It was with both a sense of resignation and a deep awareness of the irony of the situation that I read this short article in the Chronicle of Higher Education (and the comments that follow it) titled “Free our Libraries, Cry University Presidents.”  Such a brief report cannot convey (I hope!) all that actually went on during this ‘summit” of university presidents, but the article certainly implies that one aspect of the event was assigning blame to university libraries for our inability to make everything free for all on the Internet.  The presidents in attendance, we are told, “urged libraries to halt what they described as an assault on the public’s right to knowledge, done in the name of copyright.”

It is, of course, both ironic and ill-informed to blame libraries for an assault on the public’s right to know.  Our professional organizations, after all, have an official and highly visible commitment to that right that is, as far as I know, unmatched by any other such group.  To assign that blame because of libraries’ regard for copyright deepens the injustice of the position, if that really is the stance that was taken.  Copyright, of course, is a legal fact.  It is also, at its core, a system designed to support “the public’s right to knowledge.”  Librarians often believe, as these university presidents apparently do, that that system has become badly out of balance and is no longer serving the purpose for which it was created.  But neither group may simply disregard it because they find it inconvenient.

What I find most interesting about the position, as it is presented in the article, is how accurately it reflects the uncomfortable space librarians and others who are concerned about copyright currently occupy in higher education.  Many faculty members and administrators press us to tell them that what they want to do with copyrighted material is legal.  Often they hold the simplistic view that anything done in the name of education is acceptable.  Sometimes the sense of entitlement is more visceral than this, reflecting what I occasionally call (based on my background as a theological librarian) the “The Lord has need of it” syndrome.  Librarians are often the ones who have to say “no” in many of this instances; we are the ones who usually have at least some training in copyright issues, and we are also the ones who sign the licenses for access to so many campus resources.  Undoubtedly there are librarians who are overly cautious, as well as a few who adopt the same insouciant attitude they find in others on their campuses.  But by and large, it is librarians who try to instill respect for copyright, at least as a good idea if not as a successful implementation of that idea, and who explain its limitations to our colleagues.  And yet, from the other side, librarians are sometimes vilified by the major copyright holders as willful scofflaws; Pat Schroeder’s remark, in her role as President and CEO of the Association of American Publishers, that all librarians are pirates is justly infamous.  All this makes it difficult for librarians, committed as we are to access for all and to continuous learning and creativity, to know where to stand.  The old saying that if you are making both sides angry at you, you are probably doing something right, may be true, but it is not very comforting for a profession founded on public service.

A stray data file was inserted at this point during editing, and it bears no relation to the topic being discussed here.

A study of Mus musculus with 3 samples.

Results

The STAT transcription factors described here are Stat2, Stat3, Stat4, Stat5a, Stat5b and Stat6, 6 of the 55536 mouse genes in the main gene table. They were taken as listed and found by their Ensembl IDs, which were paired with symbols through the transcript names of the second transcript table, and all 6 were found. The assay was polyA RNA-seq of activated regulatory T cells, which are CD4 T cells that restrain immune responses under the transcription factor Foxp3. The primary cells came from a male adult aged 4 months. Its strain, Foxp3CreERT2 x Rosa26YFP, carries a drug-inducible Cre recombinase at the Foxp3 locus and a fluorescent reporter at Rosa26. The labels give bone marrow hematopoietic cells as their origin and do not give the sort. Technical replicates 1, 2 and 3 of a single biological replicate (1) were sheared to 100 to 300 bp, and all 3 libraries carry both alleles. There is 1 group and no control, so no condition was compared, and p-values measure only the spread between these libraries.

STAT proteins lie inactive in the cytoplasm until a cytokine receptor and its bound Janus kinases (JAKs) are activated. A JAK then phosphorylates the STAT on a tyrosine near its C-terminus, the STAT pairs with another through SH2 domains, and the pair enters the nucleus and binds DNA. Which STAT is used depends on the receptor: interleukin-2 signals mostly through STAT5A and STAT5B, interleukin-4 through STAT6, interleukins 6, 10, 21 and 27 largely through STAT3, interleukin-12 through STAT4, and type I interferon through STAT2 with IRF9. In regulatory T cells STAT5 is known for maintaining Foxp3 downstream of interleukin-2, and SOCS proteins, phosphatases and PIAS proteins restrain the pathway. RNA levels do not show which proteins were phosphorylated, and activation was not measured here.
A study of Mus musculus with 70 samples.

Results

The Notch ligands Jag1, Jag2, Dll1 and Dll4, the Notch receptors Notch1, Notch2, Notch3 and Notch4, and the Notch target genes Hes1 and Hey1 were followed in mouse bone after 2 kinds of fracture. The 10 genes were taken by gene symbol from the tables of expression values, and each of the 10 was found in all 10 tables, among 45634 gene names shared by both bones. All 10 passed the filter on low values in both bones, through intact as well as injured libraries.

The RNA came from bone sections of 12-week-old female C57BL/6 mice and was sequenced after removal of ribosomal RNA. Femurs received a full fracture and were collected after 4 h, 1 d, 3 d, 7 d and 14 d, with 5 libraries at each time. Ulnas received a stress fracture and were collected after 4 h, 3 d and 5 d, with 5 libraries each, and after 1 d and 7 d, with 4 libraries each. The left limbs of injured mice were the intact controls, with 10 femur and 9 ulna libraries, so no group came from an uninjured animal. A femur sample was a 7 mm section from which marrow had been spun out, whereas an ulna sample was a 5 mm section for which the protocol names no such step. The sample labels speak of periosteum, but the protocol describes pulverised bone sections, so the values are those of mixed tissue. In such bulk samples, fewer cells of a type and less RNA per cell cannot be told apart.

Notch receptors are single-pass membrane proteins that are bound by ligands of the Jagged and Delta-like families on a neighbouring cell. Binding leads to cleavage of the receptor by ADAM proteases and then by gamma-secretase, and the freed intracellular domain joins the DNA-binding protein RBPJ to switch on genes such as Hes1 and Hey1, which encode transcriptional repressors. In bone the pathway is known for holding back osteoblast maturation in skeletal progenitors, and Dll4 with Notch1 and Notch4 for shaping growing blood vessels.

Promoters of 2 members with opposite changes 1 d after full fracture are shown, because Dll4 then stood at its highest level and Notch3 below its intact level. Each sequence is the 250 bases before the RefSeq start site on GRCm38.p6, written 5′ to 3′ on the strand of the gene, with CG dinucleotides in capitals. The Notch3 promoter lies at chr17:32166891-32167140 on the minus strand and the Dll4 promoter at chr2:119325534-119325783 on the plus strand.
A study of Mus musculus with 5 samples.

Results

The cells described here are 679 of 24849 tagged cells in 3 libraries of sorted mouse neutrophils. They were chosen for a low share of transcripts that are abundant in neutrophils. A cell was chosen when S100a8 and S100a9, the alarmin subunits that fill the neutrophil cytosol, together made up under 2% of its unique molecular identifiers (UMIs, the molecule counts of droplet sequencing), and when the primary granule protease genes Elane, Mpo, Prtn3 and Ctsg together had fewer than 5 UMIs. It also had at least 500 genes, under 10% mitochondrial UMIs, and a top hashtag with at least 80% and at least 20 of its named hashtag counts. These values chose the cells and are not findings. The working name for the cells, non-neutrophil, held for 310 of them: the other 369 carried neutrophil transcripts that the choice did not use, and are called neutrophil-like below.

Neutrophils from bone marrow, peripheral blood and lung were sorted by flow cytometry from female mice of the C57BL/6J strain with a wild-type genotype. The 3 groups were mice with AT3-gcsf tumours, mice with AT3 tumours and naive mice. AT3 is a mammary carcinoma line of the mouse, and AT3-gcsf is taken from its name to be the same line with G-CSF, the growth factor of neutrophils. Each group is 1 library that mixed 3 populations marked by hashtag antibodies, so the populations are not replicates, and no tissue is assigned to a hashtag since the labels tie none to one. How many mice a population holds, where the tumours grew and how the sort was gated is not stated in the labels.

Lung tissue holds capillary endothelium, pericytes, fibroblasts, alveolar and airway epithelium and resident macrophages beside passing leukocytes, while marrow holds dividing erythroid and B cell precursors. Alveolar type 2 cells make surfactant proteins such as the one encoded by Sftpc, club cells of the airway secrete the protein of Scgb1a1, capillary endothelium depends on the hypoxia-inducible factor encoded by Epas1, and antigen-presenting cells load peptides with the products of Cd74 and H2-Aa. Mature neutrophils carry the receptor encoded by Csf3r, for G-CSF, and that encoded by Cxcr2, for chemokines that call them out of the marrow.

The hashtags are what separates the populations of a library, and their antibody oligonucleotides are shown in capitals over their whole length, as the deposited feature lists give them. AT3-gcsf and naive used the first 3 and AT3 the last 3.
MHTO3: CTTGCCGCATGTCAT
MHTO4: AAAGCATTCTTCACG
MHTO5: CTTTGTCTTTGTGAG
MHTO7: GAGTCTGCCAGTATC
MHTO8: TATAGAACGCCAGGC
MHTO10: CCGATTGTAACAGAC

To be fair to the meeting that was held last week, however, it is important to recognize that the “cry” of “free our libraries” comes from a paper prepared for the event by Richard Johnson, founding Executive Director of SPARC and a consultant for a major organization of academic librarians.  His point in this short paper is not the overly simplistic one implied by the Chronicle article, but the more complex and nuanced argument that library partnerships with commercial interests need to be examined carefully and negotiated to promoted a balanced set of interests that does not shortchange the public, especially in terms of access to public domain works.  Johnson does not call for librarians simply to free themselves from the “bonds” of copyright at all; instead, he suggests quite rightly that:

we need new funding strategies, coordinated library action, and
forward-looking principles to guide us. It’s time to sort out the right roles and
responsibilities for companies, libraries, governments, and private funders and to get
about the work of building an Internet public library that puts the public first.

If this was the real focus of discussion at the Boston Libraries Consortium summit, even poor, abused librarians, caught, as they are, in the “no man’s land” of the “copyfight,” surely can agree.